Where did October go? Obviously I missed it, as I made a whopping ONE post all month. I’m embarrassed to report that my lack of updates is reflective of my lack of success with my intention. I started out well, reading a bit from The Secret of the Yoga Sutra by the teacher of my teachers Pandit Rajmani Tigunait every morning. I even shared some readings in my classes, something I don’t do often, but realized how welcome and dually beneficial it is. But alas, life happened, I got busy (lazy), and my vow to read some part of some sacred text everyday quickly deteriorated. I stayed relatively true to my mantra & meditation practice, so the month was not a total loss. No excuses, but every year around this time my teaching schedule is in full blast, I am rehearsing for a half-dozen or so projects, and I am rapidly approaching a breaking point. I’ve lost sleep and weight, and there have been many moments when I would give anything to curl up on the couch, watch a familiar movie, and have my mom make me tomato soup and grilled cheese. In short, it’s been a rough month. Good thing November’s focus is Ishvara Pranidhana, or surrender to god.
GOD?!? Yes, I said it… the g-word. True, it has taken me some time to get comfortable using this word, especially in yoga, as any speak of religion or even spirituality can push some people’s buttons. For me, god is not a religious word. It is a symbol, a place-holder, a fill-in-the-blank for whatever you (YOU) want to put there. You could say God, Allah, the universe, the stars, the spirit guides, whatever. Me? I consider myself an atheist with Buddhist tendencies. I won’t take the space to explain what I mean by that, because it doesn’t matter. Believe what you want, worship who/what/where/how you want. Pray, meditate, chant, wish, light a fire, paint your naked body and dance in the rain. I don’t care what you do and I don’t expect you to care what I do. The point is to just do something, and do it with all your heart. That something may be nothing, which is absolutely fine. Ishvara Pranidhana is about letting go, putting your (gasp!) faith into something that might be a little bigger and wiser than you, whether it’s a deity, a celestial being, karma, or luck.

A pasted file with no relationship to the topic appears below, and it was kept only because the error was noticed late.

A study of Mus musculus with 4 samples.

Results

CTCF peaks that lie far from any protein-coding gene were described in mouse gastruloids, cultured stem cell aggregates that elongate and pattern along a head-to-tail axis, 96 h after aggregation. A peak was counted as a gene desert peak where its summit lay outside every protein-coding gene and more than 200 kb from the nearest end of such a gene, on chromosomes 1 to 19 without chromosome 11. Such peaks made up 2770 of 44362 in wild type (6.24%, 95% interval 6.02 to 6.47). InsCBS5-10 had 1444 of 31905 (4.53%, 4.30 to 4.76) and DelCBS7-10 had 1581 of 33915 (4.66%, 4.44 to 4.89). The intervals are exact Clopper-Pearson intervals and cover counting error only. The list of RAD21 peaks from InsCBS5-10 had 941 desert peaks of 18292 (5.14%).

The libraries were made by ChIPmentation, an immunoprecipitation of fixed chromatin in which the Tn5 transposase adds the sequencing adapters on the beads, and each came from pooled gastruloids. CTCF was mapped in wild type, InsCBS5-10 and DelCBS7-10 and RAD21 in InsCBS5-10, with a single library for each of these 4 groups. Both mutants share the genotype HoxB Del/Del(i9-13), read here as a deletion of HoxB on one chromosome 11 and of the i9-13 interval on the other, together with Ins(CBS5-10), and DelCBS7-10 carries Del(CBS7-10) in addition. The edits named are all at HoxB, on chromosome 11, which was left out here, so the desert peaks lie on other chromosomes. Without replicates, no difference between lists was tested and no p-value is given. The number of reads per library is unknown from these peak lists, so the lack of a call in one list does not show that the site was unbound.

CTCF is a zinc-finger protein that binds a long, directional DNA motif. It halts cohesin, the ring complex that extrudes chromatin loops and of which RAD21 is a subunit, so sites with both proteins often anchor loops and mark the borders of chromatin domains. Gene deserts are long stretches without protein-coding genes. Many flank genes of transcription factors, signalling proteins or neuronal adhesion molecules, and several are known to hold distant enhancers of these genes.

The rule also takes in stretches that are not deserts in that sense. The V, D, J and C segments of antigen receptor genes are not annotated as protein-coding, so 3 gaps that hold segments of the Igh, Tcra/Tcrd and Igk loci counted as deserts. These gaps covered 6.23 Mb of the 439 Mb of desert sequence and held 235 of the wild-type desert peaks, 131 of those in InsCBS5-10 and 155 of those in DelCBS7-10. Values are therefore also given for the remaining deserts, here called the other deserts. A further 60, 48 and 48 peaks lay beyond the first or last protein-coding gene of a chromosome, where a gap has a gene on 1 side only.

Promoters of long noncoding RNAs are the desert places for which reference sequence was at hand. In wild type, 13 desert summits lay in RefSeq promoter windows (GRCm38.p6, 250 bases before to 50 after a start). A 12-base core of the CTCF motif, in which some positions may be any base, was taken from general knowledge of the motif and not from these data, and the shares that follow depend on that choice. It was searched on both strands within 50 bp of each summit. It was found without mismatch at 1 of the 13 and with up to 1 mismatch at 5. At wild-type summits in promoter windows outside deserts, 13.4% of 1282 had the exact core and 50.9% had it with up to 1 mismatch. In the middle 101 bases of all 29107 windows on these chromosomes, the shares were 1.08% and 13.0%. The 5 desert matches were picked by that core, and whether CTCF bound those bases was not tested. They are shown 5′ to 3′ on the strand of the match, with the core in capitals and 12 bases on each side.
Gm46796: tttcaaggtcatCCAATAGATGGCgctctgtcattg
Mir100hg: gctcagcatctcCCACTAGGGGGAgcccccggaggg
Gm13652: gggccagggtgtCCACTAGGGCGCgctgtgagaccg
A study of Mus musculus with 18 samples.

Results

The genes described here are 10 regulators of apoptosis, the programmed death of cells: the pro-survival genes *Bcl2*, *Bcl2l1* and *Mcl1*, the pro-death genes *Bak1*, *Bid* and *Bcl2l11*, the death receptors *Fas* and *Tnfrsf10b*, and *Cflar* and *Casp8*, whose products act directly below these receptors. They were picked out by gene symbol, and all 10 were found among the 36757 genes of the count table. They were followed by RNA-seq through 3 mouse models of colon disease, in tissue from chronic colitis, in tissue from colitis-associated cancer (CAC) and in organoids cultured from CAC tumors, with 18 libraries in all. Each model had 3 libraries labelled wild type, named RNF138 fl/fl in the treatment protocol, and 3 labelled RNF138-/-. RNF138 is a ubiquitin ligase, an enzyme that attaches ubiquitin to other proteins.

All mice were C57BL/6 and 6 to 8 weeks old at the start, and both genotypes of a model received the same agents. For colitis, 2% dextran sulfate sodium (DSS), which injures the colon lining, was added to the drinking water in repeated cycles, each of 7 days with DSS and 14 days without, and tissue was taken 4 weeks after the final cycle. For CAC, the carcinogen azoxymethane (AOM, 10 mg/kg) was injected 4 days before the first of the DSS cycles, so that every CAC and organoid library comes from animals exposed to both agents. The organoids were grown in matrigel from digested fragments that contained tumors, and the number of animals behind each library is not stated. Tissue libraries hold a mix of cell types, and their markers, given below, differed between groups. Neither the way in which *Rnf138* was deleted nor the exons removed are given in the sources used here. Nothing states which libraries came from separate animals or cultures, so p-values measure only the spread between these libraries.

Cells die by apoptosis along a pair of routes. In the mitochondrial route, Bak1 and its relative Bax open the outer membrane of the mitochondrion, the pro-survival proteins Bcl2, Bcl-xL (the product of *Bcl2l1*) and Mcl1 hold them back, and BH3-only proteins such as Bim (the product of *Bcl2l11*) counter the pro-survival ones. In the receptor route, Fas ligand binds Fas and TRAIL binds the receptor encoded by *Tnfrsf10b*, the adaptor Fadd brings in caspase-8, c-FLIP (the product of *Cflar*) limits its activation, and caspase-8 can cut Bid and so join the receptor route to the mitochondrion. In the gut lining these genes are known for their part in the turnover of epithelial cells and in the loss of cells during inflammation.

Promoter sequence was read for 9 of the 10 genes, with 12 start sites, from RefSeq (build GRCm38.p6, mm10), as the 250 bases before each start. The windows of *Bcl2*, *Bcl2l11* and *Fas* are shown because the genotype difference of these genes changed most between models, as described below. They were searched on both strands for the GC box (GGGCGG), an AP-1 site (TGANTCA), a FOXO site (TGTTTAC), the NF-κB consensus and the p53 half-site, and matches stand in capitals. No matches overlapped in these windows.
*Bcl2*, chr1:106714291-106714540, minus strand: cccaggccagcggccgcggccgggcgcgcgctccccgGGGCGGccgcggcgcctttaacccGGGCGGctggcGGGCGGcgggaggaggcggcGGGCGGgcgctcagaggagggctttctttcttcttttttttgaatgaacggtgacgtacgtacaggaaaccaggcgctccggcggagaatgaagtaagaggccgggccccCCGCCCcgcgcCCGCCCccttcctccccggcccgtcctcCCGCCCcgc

Gratitude is the kryptonite to complaining.
Surrendering takes trust. It means knowing (or not knowing, but still doing it) that whatever you’re going through – good, bad, or ugly – will pass. We all come out on the other side, wherever that is, maybe a little stronger, maybe a little worse for the wear; but we come out. Part of that trust is gratitude, thanking your god for taking care of you, no matter what, maybe in advance. Gratitude is the kryptonite to complaining. If you have something to be thankful for, everything else looks a little rosier. So, not coincidently, this being the month of Thanksgiving, I will practice Ishvara Pranidhana by finding one thing for which to be grateful everyday. Don’t worry, I won’t invade your Facebook feed with the popular “30 Days of Gratitude” stuff, posting pictures of my tuna sandwich at lunch and calling that my practice. It’s a lovely idea, but my intent is not to broadcast or brag about my fortune (and we are ALL fortunate). I will simply write down one thing each day for which I feel thankful, fold it up, and put it in a jar. Maybe I’ll bow my head in gratitude, then move on with my day. I’ve heard of people doing this ritual, then a year later going back to read the words they wrote, so maybe I’ll do that too. I’m not quite sure what the outcome of this practice will be, but my guess is that it will make the hard stuff a little easier to swallow. We ALL have our shit. Life is tough, sometimes it downright sucks, but oftentimes it is just as beautiful, even if we don’t see it that way. Surrender and gratitude are tools to shift one’s vision, not to ignore or deny hardships, but to just color them with the good stuff so life looks a little nicer. Join me if you like!
Now please enjoy this stock photo of me and another small Asian girl showing gratitude for our obscenely bright clothing. Today, I am thankful that I got over that haircut.